In some ways, it was enough to take one's breath away. Maybe--just maybe--it was enough to bring another's breath back.
For 400 revelers in black-tie and elaborate '30s attire, New Year's Eve meant "Steppin' Out With My Baby" at the Ritz-Carlton in Laguna Niguel. The second annual Investors Ball, sponsored by the Cystic Fibrosis Guild of Orange County, raised more than $80,000 toward finding a cure for the disease, a lung ailment that causes repeated infections and eventual suffocation in children.
The countdown began at 7 p.m., when the hosted bar opened; unlimited champagne and cocktails would continue to be poured till 2 a.m. White-gloved waiters and waitresses passed among the guests with hors d'oeuvres--fois gras canapes, tartlets of avocado mousse with shrimp, papaya wrapped in prosciutto--in the silent auction and gaming rooms.
The silent auction featured items ranging from a motor scooter to a mammography, from dozens of designer furs to a limited-edition chess set using 150 ounces of 14-karat yellow and white gold and rubies, sapphires, pearls and diamonds as accent pieces with an (unobtained) opening bid of $300,000.
Time spent at any one of dozens of craps and blackjack tables in the casino-style gaming room earned the more lucky among the guests such diverse prizes as a three-day weekend for four at California Angel Bobby Grich's condominium in Palm Desert, a lifetime membership at Magic Island and a truffle cake per month for a year.
Dinner--an extensive buffet featuring bluepoint oysters, a display of gallantines, terrines and truffled pates, medallions of poached salmon, steak tartare, crisp duck with a pink peppercorn sauce, miniature medallions of veal with lime butter, grilled spring baby lamb chops with rosemary, vegetable kebabs, fettuccini with oregon caviar and chanterelles, scallops braised with leek and chardonnay (and the list goes on and on)--was available from 8 until 11 p.m.
Dance music was provided by Charles Rutherford's Orange Coast College Jazz Band in the ballroom, which was decorated in white, black and silver with balloon archways.
At each place setting were "Happy New Year" top hats for the men, feathered tiaras for the women, noisemakers and party favor perfumes and chocolates; marvelous centerpieces featuring a Pierrot Doll and a single enormous white balloon were designed by Black Iris and Kathy Hurwitz. (Although the 40 centerpieces were available by silent auction bid starting at $40, more than half were taken from the tables sans bid.)
Trumpeter Marty Myrick (ball chairman Bellinda Barnett's brother), dancer Booboo Campos(Myrick's new wife), singer Ken Lundy and the Broadway Babies Dancers presented a 10-minute "Broadway Babies Review" around 11 p.m.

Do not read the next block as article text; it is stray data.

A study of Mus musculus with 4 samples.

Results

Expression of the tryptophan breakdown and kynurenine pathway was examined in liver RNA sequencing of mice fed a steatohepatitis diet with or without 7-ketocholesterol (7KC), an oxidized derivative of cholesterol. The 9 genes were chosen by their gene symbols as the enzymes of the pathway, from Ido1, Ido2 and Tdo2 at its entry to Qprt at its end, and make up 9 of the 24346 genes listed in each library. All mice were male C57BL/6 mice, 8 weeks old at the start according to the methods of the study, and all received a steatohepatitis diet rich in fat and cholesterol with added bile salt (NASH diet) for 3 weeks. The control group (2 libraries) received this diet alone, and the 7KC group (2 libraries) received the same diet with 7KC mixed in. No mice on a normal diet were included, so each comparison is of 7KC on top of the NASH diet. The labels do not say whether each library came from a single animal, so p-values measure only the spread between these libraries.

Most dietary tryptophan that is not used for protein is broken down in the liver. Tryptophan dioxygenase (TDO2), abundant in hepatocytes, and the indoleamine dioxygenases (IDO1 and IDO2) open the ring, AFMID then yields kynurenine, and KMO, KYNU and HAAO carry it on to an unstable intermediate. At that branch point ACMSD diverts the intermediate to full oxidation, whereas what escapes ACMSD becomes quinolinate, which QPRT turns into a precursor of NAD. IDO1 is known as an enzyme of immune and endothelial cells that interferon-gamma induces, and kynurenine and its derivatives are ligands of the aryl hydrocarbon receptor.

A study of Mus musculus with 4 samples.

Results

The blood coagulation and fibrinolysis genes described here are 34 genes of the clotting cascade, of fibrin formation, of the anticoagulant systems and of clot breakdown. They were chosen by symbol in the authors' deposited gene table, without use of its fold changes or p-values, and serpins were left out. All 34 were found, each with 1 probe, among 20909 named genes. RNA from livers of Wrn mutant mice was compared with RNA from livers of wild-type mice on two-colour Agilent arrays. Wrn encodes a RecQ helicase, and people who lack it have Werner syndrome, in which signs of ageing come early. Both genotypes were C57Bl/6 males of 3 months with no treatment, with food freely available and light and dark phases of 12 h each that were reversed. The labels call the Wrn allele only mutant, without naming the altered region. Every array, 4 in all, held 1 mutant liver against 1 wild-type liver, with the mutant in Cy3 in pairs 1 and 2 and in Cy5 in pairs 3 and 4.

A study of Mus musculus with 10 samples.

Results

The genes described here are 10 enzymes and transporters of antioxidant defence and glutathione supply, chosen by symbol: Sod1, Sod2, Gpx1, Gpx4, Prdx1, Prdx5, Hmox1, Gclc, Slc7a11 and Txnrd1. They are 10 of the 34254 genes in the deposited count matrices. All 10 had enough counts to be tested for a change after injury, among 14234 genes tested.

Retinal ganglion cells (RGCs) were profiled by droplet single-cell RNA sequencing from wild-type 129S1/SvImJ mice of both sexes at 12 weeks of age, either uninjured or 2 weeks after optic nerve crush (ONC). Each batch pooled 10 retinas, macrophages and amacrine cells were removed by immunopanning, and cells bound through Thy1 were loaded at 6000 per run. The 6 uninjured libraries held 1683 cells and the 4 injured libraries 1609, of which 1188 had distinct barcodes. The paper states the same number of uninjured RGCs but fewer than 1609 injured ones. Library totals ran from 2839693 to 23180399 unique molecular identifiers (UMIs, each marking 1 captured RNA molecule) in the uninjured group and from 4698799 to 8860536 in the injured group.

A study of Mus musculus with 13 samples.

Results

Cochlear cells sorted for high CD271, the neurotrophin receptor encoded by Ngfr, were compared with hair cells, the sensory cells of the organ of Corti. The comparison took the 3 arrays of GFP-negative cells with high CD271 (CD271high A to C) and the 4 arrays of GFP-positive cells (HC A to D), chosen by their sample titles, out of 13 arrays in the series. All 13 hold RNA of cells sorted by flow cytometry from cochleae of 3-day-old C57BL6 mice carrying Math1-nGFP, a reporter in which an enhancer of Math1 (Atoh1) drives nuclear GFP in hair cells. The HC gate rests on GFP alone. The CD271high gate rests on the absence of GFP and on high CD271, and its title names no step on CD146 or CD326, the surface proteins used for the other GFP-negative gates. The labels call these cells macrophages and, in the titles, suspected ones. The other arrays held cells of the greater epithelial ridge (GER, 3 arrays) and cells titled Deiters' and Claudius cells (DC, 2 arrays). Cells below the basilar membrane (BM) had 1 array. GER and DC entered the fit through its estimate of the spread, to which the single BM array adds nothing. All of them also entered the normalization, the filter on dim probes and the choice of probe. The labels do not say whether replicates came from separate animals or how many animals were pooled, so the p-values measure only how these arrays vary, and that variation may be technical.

Former child evangelist turned radio and television personality Marjoe ("Hallelujah, sold for $2,500!") Gortner conducted the live auction, which featured such items as a day with John Robinson at the Rams training camp; a four-day, all-expenses-paid fishing trip to Ketchikan, Alaska; Bob Hope's tuxedo, and a live blue Persian ("Per- eee -sian," according to Gortner) kitten.
Vocalist and former Miss Texas Bellinda Barnett's extended version of "Rock-a-Bye Your Baby" was interrupted at 25 seconds before midnight for the countdown, a new year ushered in by "Auld Lang Syne," lots of close dancing and a final "Steppin' Out With My Baby."
Sometime after midnight, Supervisor Tom Riley and his wife, Emma Jane, were made joint recipients of the Breath of Life Award in recognition of their personal financial and emotional support of cystic fibrosis patients and their families. (Last year, Riley was also instrumental in launching the county's first genetic education program for junior and senior high schools.)
Congratulatory wires to the Rileys from President Ronald Reagan and Gov. George Deukmejian were read, though few bothered to listen. A dozen white chocolate roses (a symbol for cystic fibrosis because children tend to pronounce the disease "65 roses") were given to Emma Jane. Tom received "C.F.'84" cuff links.
A Reason to Care
Both Rileys are themselves lung patients: Emma Jane has irreversible damage from repeated bouts with pneumonia, Tom severe asthma. But that is not the reason for the couple's involvement with cystic fibrosis.
"I went over to Childrens Hospital," explained Tom, "and here these young boys and girls are, 8, 10 years old, talking about their funeral--how they're going to work it, just how they want it. They're saying things like, 'Oh, Margaret died last week,' and telling you what she did for her funeral. . . .
"They'll tell you about their particular ailment, and explain why they're in the hospital, saying, 'Oh, you know, it's like bringing your car in for an overhaul.' I've never seen anything like it. One time, a little girl came over to me and said, 'You know, you missed me the last time.' And about a month later, I get a note saying she died."